You’ve probably heard it a thousand times.
“You just gotta be yourself! Don’t fake it, that’s the worst thing you can do!”
This advice and variations of it such as “Be YOU!” are probably the corniest and most meaningless pieces of advice you can give someone who is fighting the fear of public speaking. Public speaking is a performance. You must tailor it to the situation you find yourself in. If you’re a stoner around your friends who sports hole-ridden Bob Marley shirts, talks in slow motion and lazily proclaims “woooooooowwwwww” after witnessing anything remotely entertaining, you should probably adjust a few things if you’re planning a talk to a room full of businessmen or elementary school kids and their parents.
If you see yourself as a chronically stressed person, you’re probably not going to want to drag yourself up to the stage and mumble through your speech. For the audience to have a good time, they must see you having a good time. If you leave a trail of tears on the way up to the stage, the audience will view you just as negatively as you view yourself.
Another problem with this “be yourself” advice is that the people who are most afraid of public speaking are often the ones that have the most insecurities. For instance, one of my biggest concerns throughout high school and a bulk of college was getting up on stage and sounding like a brainless turd. Whether it be by mispronouncing a word, quoting an infiltrated Wikipedia page as fact, looking weird (typically the case) or simply sounding uneducated; this was always one of my problems with public speaking.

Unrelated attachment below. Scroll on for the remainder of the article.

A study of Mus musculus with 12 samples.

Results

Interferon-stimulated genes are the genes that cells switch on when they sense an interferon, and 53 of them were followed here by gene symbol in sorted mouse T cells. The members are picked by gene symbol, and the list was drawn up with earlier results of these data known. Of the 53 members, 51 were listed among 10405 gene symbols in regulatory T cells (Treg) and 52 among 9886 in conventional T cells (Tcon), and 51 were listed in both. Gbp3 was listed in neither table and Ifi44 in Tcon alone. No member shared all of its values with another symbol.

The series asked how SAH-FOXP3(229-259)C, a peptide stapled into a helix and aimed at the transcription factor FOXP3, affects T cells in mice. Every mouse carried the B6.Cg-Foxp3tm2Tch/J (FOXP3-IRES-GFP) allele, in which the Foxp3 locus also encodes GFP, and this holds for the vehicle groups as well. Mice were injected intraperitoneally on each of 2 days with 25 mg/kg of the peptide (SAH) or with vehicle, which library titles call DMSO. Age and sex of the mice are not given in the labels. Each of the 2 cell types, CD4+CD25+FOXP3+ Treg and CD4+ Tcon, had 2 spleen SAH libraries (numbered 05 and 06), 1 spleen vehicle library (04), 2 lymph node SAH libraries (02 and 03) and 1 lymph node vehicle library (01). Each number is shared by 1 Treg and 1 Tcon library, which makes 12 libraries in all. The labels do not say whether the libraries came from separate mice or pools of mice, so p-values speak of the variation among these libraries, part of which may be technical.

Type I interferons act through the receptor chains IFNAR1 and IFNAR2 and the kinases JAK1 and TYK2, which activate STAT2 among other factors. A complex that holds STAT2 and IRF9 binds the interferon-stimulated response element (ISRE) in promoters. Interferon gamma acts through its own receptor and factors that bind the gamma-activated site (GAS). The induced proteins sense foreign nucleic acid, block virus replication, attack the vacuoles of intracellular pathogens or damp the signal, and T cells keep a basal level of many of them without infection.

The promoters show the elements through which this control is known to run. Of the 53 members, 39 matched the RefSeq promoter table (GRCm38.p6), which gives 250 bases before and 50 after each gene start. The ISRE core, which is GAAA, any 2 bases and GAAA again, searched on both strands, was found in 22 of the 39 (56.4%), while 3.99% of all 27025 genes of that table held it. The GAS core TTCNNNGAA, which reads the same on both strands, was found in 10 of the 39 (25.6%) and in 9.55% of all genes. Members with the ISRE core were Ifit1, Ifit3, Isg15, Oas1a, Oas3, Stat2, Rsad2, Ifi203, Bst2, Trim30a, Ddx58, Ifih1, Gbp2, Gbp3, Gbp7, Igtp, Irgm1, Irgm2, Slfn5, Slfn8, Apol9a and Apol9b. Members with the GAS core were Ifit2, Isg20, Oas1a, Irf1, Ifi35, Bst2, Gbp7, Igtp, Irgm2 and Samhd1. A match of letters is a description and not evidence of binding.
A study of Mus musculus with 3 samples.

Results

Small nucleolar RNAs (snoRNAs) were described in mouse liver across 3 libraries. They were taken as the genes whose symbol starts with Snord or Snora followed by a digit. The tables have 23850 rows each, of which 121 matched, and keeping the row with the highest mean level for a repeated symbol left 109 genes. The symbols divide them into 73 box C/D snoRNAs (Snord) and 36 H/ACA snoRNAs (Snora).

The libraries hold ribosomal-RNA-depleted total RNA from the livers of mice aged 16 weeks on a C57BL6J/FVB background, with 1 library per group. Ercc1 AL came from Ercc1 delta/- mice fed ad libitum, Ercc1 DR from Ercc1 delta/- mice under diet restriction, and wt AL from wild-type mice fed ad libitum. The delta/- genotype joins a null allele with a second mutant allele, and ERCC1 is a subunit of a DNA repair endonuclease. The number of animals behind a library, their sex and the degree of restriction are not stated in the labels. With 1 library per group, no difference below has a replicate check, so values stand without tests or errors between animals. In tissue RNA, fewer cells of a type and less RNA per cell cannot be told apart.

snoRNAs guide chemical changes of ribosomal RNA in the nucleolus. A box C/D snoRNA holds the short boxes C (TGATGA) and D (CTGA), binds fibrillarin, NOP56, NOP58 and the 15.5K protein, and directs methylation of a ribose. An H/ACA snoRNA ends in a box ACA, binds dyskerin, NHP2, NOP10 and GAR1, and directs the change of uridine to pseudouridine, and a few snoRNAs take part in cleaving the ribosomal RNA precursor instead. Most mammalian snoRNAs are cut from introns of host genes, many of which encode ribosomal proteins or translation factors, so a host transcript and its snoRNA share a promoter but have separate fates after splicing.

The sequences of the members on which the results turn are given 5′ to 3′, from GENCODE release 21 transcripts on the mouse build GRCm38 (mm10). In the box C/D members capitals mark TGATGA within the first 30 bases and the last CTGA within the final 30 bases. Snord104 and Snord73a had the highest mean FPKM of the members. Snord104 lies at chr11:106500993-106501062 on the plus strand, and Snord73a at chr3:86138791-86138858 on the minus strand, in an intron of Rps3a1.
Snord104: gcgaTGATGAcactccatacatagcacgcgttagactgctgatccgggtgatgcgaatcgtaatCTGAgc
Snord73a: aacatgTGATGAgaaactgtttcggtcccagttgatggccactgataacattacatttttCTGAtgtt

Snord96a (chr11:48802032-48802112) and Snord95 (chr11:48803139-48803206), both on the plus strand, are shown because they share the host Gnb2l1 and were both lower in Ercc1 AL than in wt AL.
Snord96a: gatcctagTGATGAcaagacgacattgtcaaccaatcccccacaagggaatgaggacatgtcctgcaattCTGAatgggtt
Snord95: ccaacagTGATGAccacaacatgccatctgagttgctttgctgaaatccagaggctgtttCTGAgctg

I wasn’t comfortable with myself and wasn’t necessarily sure that the image I had created was the one I wanted to be known for.
So what should we do if we can't "be ourselves?" A presentation to an audience or simply a presentation of yourself should be given in the voice of the person you are striving to become. If your lifelong dream is to become a marketing executive but you're just a server at the local Olive Garden, then talk like a marketing executive and force that room to second guess who you really are.
It’s good to be yourself in front of a group, but realize that who you are now may not be who you are striving to become. Until you've become what you've been fighting to be, there’s no problem with faking it until you’re making it.